Extra-Judicial killings won’t bring us a ‘Better Tomorrow’


What is even more baffling is the U.S. response even though Israel’s own Arutz Sheva confirmed that Prime Minister Ariel Sharon personally commanded the extra-judicial killing.

The United States on Thursday vetoed a United Nations resolution condemning the assassination even though our own Arms Control Export Act prohibits U.S. weapons from being used to break international law.

‘It is very important that everyone step back now and try now to be calm in the region. There is always a possibility of a better day in the Middle East and some of the things being talked about by the Israelis … might provide new opportunities,’ National Security Advisor Condoleezza Rice told NBC’s ‘Today’ show.

‘I would hope that nothing will be done to preclude those new opportunities from emerging,’ she added.

Basically, Rice was implying that if Palestinians react, they would be held responsible for any fallout. Unbelievable.

One thing is certain about the extra-judicial killing of the blind and quadriplegic Hamas founder: a seemingly unreachable peace is now practically guaranteed anytime in the near future. Ariel Sharon is not ‘stupid’ as many around the world are saying. Nobody is that dumb. Palestinian retaliations are expected. And the Israeli Defense Force will use the retaliations as an excuse to kill more Palestinians. It is a script that has played itself out for the last 3 and 1/2 years.

Each round becomes more deadly and each round has far-reaching effects. There are now more than 700 Israeli checkpoints in the Israeli-Occupied Territories. A wall is being built that has imprisoned many Palestinian villages and towns. The economic siege continues and a British report now compares the Palestinian malnourishment levels to those in Africa. Still, the Palestinians have not been deterred from demanding freedom and independence.

Would it have been nice to resolve the conflict at the negotiating table? Sure, but Israel sought to circumvent international law and hand out the carrots it wanted to give. The reasons for the current uprising for freedom are many — all of which any human being can understand, and most definitely any American. Freedom from occupation would be a good start. Freedom: from having their olive orchards uprooted, a source of income for many; from having their homes demolished; from Israeli military checkpoints between every Palestinian city, that hold people up from two to six hours; to be children as opposed to fighting like adults so that they are not subject to the same humiliation their parents are; of the same kind of security that Israelis want for themselves.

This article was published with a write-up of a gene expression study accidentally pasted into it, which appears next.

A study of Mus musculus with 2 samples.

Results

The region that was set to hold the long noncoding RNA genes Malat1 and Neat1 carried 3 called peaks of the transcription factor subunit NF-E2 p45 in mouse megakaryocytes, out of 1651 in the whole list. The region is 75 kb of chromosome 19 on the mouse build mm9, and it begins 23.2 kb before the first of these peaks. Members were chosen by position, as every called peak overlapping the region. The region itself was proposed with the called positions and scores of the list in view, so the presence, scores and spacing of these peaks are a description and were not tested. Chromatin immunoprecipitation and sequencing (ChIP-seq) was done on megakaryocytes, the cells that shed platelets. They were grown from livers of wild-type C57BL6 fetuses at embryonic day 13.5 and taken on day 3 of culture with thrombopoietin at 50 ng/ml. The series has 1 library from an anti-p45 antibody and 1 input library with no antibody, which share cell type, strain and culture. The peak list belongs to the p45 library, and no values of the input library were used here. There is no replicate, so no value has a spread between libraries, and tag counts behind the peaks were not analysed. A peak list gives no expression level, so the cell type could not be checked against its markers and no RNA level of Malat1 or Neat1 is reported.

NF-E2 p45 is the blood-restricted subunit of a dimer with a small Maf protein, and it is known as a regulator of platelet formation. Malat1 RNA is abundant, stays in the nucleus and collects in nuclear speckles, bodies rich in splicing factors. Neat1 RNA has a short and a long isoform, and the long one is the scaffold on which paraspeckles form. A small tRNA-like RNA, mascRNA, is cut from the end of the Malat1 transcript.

Three million Palestinians have tolerated the denial of these freedoms for more than three decades, overwhelmingly and without incident. They ought to be commended for their restraint all of these decades. There are an occasional few young men who can no longer bite their lip, however. The results are often tragic. It’s been said that there is no enemy greater than the one who has nothing to lose.

There is an expectation that Yassin’s death will put a stop to the Palestinian uprising (Intifada) for freedom. Or that Yasser Arafat can somehow put a stop to the Intifada. But the Intifada is bigger than Sheikh Yassin. It is bigger than Yasser Arafat. It is most certainly bigger than Ariel Sharon. It is about the human spirit and the desire to be free. The famous Patrick Henry quotation, ‘Give me liberty or give me death,’ is actually very applicable in the case of the Palestinian Intifada. Unfortunately, Israel seems to believe that ‘might makes right.’ The killing of Yassin is yet another sign of this.

Rice was right when she said voiced her optimism that there is always a possibility of a better day in the Middle East. When Israel ends the Occupation and implements UN resolutions as other nations are expected to, a better tomorrow may just be realized.